Sam Cordon

November 29, 2013

Governor Carney has explained the Bank has no power of veto over the Help to Buy scheme and announced that it will be withdrawing the Funding for Lending Scheme for mortgage lending from January 2014.

With respect to the Help to Buy scheme there is no exit strategy for the taxpayer; indeed there is no strategy at all. Once the government is entrenched in the day-to-day operations of the mortgage market it is not clear how it will ever get out. We will be right back where we started, only more in debt.

It seems Mark Carney is refusing to play this short-term political game and is instead putting the long-term interests of the country first.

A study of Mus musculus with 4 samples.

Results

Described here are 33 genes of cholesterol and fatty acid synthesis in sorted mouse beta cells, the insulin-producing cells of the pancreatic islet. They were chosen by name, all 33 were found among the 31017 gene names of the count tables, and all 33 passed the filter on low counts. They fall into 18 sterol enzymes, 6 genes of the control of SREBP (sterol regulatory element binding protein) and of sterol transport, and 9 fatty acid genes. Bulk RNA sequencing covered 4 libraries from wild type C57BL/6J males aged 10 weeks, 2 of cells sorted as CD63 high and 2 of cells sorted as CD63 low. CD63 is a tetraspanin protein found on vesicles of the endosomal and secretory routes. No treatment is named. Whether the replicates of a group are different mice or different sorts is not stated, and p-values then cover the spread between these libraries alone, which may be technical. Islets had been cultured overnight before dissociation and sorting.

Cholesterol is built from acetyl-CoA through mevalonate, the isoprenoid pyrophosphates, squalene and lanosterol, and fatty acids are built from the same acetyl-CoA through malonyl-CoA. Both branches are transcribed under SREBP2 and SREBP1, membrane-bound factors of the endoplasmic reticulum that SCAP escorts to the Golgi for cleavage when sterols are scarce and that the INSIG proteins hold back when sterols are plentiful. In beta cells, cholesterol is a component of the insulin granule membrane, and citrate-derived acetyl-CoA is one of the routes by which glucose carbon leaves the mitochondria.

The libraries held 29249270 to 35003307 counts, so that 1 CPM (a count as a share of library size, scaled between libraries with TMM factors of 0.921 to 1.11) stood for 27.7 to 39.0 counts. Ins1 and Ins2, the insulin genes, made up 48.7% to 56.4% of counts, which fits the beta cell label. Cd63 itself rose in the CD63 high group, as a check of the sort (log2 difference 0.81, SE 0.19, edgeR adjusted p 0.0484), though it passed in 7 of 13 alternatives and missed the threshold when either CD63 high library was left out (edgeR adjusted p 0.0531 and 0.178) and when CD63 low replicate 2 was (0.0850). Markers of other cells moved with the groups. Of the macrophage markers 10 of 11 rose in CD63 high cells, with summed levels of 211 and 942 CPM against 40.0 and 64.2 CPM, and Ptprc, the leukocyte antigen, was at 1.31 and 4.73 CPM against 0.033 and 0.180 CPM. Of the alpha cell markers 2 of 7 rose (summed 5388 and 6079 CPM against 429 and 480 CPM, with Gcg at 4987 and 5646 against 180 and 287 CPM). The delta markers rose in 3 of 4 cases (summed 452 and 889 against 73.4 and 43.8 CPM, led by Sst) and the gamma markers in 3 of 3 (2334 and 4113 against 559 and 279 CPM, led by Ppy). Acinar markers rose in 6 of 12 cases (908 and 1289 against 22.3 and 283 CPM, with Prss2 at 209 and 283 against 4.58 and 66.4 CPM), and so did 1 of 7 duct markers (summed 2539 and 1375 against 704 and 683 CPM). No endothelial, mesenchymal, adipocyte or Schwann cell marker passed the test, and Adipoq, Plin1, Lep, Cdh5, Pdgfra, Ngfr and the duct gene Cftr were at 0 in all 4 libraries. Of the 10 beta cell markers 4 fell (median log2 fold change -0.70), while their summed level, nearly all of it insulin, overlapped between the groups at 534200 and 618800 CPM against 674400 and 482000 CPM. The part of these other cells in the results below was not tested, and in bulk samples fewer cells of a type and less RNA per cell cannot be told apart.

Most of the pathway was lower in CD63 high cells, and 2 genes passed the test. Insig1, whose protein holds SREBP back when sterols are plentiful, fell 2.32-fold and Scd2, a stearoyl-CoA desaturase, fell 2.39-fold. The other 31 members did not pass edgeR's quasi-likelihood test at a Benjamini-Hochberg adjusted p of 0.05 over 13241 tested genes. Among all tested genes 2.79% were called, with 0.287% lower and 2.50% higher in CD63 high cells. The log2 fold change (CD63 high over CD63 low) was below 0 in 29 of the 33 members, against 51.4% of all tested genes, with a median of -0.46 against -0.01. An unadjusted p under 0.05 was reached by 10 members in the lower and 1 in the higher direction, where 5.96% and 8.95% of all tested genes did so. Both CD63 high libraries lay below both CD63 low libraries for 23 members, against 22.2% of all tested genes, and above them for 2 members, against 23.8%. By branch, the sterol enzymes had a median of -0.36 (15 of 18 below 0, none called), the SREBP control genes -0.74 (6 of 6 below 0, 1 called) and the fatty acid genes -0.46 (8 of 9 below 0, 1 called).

It would be much better if the stakeholders, including the Treasury and the Department of Communities and Local Government, worked together. But if they can’t or won’t then we now know the Bank of England will act alone.

Personally, I would have stopped Funding for Lending from being used for buy-to-let but kept it going for consumer mortgages, particularly first-time buyers.

I would also ask the lenders to consider what effects the Department of Work and Pensions withdrawing around £23.8bn in housing benefits from the private rental sector over the next five years will have on arrears levels.

Without property price inflation new buy-to-let landlords barely break even and if mortgage availability and rates deteriorated this might cause some to vacate the sector, resolving the supply problems for first-time buyers using the Help to Buy scheme, without causing a property price bubble.

But this would require strategic collaboration which brings us back to the Bank of England having to take the robust unilateral action it now is. I think we should look elsewhere for those responsible for a lack of overall leadership.